I know this doesn't reflect positively on me as a psychologist. When I have a client who has problems being assertive, I have all kinds of good suggestions. And they usually take my advice. Which is a perfect example of why I often think my clients are more courageous than I am.
Part of the problem is that I can't stand hurting other people. If it's a choice between being annoyed by them or hurting their feelings, I choose to be annoyed. Because I can take it. But all those annoyances start to add up after awhile. Like being bitten by 1000 mosquitos. And I'm allergic to mosquitos, too. That's why I have to keep reminding myself to pick me.
The other obstacle is the whole hyperempath thing, combined with being highly self-critical. When I think of how I would feel if someone were to tell me that I brag about myself a lot, I would be mortified. I'd probably never speak again.
Sometimes the other person is so sensitive that they, too, will obsess about it for the rest of their lives. We can never have a conversation again where the person doesn't think about it, apologize for it, justify their behavior. It's painful. It feels just as bad as when they were annoying me, except now I feel guilty, too.
That's why I prefer to be so attuned to how other people feel that I can sense their annoyance and figure out why without them having to say a word. Which, admittedly, isn't a great strategy--especially when you're prone to depression. Because afterwards you have replay every social interaction over and over, trying to figure out where you offended the other person.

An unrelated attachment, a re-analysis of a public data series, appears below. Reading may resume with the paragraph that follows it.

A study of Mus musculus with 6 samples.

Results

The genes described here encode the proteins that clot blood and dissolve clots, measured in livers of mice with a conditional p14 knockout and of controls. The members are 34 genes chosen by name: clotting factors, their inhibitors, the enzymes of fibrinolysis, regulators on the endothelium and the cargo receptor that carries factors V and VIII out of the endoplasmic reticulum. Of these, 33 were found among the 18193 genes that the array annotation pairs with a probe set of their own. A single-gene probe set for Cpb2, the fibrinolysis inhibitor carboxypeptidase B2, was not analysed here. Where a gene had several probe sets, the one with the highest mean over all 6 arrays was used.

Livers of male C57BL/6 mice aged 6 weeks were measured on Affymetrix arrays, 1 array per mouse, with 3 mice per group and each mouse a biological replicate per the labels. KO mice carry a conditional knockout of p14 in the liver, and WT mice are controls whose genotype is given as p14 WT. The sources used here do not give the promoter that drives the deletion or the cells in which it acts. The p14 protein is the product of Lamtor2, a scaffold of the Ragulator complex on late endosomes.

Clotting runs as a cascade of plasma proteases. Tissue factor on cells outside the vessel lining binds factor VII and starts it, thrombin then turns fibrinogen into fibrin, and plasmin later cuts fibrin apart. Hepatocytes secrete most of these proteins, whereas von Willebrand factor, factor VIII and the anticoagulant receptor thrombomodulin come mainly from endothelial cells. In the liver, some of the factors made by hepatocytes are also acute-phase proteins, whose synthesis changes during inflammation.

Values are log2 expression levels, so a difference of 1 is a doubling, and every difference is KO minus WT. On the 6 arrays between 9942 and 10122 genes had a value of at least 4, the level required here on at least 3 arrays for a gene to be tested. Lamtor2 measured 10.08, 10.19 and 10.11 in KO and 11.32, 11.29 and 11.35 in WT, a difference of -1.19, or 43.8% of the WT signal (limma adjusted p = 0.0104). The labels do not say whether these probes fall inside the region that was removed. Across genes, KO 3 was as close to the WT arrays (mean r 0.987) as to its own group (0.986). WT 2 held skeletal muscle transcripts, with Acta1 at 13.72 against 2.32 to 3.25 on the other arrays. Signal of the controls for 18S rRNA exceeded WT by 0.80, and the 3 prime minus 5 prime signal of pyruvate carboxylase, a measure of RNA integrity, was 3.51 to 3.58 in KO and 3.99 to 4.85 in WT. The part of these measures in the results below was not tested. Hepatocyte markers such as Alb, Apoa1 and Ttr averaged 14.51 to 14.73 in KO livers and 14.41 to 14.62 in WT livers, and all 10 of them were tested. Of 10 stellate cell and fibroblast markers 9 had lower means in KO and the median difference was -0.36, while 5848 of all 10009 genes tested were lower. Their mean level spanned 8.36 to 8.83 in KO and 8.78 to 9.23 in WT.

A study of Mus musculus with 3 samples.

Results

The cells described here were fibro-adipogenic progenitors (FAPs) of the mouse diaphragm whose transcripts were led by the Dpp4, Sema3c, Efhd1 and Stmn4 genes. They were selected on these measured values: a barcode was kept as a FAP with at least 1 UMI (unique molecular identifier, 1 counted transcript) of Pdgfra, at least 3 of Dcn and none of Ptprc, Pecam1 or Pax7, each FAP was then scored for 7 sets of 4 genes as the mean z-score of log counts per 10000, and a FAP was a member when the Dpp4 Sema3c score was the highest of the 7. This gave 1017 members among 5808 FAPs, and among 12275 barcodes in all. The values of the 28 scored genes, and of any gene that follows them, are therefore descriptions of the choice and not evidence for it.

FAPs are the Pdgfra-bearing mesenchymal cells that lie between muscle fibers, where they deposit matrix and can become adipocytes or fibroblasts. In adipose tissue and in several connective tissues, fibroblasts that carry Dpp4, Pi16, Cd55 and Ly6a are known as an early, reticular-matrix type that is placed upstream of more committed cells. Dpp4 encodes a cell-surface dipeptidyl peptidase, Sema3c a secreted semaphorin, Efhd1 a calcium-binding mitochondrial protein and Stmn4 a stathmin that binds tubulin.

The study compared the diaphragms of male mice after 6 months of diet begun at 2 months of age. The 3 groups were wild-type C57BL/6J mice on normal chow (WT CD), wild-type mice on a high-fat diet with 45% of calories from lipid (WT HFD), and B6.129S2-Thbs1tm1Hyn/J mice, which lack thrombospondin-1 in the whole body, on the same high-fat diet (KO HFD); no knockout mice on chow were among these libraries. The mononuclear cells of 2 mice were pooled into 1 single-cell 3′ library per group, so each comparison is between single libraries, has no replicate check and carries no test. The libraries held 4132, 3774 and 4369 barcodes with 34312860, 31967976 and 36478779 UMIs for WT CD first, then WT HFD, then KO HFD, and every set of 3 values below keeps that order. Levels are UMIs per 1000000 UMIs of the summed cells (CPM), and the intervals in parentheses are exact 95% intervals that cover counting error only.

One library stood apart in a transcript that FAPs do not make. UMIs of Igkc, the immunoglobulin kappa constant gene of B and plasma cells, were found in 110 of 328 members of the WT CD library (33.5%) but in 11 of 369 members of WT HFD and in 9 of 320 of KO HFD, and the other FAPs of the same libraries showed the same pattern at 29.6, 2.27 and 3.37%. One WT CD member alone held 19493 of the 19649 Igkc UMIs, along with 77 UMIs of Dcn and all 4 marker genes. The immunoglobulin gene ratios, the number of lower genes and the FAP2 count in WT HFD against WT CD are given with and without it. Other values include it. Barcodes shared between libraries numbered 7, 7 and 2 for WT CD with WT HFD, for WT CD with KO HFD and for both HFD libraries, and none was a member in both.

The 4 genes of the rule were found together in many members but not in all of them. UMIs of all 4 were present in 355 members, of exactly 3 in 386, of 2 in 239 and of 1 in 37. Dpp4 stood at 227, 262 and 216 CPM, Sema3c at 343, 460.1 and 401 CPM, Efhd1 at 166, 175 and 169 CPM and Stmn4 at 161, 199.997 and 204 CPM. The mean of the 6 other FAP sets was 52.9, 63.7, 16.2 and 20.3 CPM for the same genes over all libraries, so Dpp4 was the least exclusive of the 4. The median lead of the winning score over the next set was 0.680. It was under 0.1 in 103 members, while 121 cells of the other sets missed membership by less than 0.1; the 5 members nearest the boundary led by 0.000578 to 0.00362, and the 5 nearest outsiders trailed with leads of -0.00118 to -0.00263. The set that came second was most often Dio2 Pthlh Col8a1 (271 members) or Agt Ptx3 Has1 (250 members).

I can do it when it involves tennis. Especially when it involves wasting someone else's time by being late, not showing up, etc. I may not think my time is valuable, but I won't tolerate someone in my group or on my team who wastes other people's time. But sometimes I still obsess about how I did it. Maybe if I had said it differently, I wouldn't have hurt their feelings.
The reality is, sometimes there's no way you can give negative feedback without hurting the person. And it's not really my job to make sure that no one ever feels pain. Sometimes pain is necessary. It lets us know that we need to change something. And if something's bothering me enough to tell them about it, then I am definitely hoping for change.
Sometimes I wish I could be one of those people who are so oblivious that they don't care that they're annoying. Someone who can dismiss criticism with some rationalization. Or someone with a really bad memory for negative feedback. But I can't. I'm me. Empathic, sensitive, guilt-ridden me.
Perhaps I can think of this as yet another opportunity to practice self-acceptance.